Interview with solar champion Hermann Scheer
NewScientist has a great interview with German Social Democrat MP Hermann Scheer, who chairs the World Council for Renewable Energy and has done as much as anyone alive to spread the word on solar power.
Unfortunately, it’s behind a subscription wall, so you can’t read it. But have no fear! I’ll post a big chunk of it below the fold:
What did you do about it?
Ten years ago, I called for a programme to install solar panels on 100,000 roofs in Germany, so that we could have mass production as soon as possible. I wanted it in my party’s programme in the 1998 elections. Even Greenpeace said my plan was unrealistic, and my colleagues asked why we should be more radical than Greenpeace. But I persuaded them, and the programme was implemented within four years. In 2000, with colleagues, I launched the Renewable Energy Sources act, which ensures that independent producers generating excess electricity can sell it to the grid at a guaranteed price. Now renewables account for nearly 15 per cent of electricity generated in Germany.
You are very critical of the Kyoto protocol. Why?
The protocol starts from the premise that the solutions to climate change will be an economic burden. So it is all about how we share this burden. But it is not an economic burden; it is a new economic opportunity. So I don’t accept the idea of issuing emission rights that can be traded. It is like giving rights to trade in drugs, and saying drug dealers can buy and sell those rights.
But you can’t make all carbon dioxide emissions illegal, can you?
No. But this is an ethical question. It is not normal in civilised societies to dump household waste in the street. You pay for it to be taken away. But with energy emissions we are allowed to dump our waste in the atmosphere.
I was the only person to vote against the emissions trading law in the Bundestag [the German parliament]. I said that it goes against all our experience on how technological revolutions happen. Of all the technological revolutions in the last 200 years, which of them happened because of an international treaty? Not one. They happened because they were accepted as important, superior and necessary for the future.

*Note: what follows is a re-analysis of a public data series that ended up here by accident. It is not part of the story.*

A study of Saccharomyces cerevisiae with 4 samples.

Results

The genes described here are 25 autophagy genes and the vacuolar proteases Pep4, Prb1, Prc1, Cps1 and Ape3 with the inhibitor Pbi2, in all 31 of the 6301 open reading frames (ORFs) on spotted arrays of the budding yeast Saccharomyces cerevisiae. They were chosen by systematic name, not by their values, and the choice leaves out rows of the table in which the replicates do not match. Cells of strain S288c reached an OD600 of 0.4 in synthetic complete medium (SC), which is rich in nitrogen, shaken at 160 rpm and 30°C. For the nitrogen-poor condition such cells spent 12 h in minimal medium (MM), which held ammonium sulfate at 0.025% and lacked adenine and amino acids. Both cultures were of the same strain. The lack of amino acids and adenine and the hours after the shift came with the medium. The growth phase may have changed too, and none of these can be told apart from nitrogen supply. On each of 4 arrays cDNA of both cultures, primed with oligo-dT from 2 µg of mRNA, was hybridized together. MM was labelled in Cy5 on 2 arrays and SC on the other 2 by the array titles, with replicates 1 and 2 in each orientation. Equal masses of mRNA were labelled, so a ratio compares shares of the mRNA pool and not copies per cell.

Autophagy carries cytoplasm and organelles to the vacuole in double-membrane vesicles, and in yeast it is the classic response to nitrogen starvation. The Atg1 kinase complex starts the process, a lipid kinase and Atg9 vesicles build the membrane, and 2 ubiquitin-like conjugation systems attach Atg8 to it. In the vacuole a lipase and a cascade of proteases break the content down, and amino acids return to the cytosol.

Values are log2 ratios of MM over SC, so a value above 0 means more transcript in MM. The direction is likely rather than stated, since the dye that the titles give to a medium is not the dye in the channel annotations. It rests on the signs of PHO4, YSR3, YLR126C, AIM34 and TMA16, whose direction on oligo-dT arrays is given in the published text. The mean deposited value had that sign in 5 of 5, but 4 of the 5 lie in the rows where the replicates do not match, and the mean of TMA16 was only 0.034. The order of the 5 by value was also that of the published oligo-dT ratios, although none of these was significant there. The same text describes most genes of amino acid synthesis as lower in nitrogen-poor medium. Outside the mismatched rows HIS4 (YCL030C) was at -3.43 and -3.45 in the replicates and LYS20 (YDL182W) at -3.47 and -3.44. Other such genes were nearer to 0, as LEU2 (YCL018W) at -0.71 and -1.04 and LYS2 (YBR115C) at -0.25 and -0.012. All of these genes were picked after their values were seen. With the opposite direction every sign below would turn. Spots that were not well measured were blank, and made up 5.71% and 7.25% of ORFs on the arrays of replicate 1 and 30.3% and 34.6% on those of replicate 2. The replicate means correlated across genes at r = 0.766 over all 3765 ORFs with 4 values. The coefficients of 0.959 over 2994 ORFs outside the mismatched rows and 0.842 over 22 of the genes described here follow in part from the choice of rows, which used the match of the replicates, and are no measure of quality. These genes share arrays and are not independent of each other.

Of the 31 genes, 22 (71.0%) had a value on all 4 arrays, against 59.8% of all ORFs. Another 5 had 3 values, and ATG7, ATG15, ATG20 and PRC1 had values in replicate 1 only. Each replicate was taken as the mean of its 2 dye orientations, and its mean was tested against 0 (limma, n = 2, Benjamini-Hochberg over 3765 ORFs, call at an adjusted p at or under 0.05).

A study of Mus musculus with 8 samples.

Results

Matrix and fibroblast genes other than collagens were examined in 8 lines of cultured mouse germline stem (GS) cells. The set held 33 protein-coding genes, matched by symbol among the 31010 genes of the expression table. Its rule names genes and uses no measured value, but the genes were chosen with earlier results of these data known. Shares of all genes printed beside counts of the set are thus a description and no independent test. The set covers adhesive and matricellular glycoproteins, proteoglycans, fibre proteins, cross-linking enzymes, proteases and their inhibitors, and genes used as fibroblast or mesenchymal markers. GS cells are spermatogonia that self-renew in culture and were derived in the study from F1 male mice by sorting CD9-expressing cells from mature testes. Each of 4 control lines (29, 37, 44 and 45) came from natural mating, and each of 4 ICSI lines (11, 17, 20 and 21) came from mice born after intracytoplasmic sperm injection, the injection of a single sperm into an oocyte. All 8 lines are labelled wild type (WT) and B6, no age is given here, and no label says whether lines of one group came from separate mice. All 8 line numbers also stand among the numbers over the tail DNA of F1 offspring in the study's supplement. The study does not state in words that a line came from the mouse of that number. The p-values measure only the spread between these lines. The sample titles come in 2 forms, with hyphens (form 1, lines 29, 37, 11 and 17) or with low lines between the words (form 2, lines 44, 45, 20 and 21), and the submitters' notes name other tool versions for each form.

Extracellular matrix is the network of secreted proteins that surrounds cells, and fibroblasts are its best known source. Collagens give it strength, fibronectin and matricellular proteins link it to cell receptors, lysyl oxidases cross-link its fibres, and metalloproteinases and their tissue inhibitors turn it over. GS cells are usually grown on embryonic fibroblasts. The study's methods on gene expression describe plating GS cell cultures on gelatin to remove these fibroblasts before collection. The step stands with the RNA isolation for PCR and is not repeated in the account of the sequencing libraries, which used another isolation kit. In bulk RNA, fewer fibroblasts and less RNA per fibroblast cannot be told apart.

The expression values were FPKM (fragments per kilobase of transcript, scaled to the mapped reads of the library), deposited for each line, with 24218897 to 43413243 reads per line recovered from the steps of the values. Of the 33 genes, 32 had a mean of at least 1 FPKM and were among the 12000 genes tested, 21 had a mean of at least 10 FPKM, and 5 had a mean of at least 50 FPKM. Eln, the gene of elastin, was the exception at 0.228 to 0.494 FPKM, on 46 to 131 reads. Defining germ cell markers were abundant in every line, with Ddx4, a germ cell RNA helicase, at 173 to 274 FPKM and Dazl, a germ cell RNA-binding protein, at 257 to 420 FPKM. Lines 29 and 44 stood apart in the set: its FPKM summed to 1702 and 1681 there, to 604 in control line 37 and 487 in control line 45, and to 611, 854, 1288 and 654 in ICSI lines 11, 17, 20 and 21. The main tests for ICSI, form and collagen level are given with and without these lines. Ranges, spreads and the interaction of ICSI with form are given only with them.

Don’t these changes in energy technology require changes in the way our society is organised?
To take advantage of this integrated system, we have to have localised energy production, near the farms. Solar and wind power is also best provided locally. This is completely different from the fossil fuel energy system, where production and consumption are separate – often on opposite sides of the world – and you need a huge amount of infrastructure to link them up.
The German government is talking about sticking with fossil fuels like coal, but capturing and burying the emissions. Isn’t this a practical low-carbon solution?
I believe it is a fake. Carbon capture is technologically but not economically feasible. It reduces energy efficiency, because of the energy needed to capture the carbon dioxide and run the extra infrastructure. And at the end, you still have the problem of making sure the carbon stays safely in storage for thousands of years. It is like the problem with nuclear waste, possibly even worse.
Today, this idea is being used as a justification for building new coal-fired power stations, with the promise that in maybe 15 years the carbon could be captured. These promises won’t be fulfilled. In any case, carbon capture would cost much more than renewables, so why bother?
People talk about introducing a low-carbon economy. I don’t like that term. It is a way to smuggle in nuclear power generation and carbon capture. We should talk instead about a renewable energy economy. There is plenty of renewable energy for all our needs.
Many environmentalists are pessimists and don’t believe in technical fixes. But you are a real techno-optimist.
Yes, because I see the opportunities for renewables. I see that they can provide 100 per cent of our energy, and they can be introduced very fast. All the great technological revolutions happen much more quickly than even the experts and enthusiasts guess. The forecasts for the spread of cellphones and IT were all overtaken by the reality. The renewables revolution will be the same.
The IT and mobile phone revolutions were also the first technological revolutions in modern times that were not about centralising power. They were about decentralising. And this will happen to energy from renewables. The big old-fashioned power stations and long supply chains will be replaced by local supplies for local markets. This is changing the tide of history.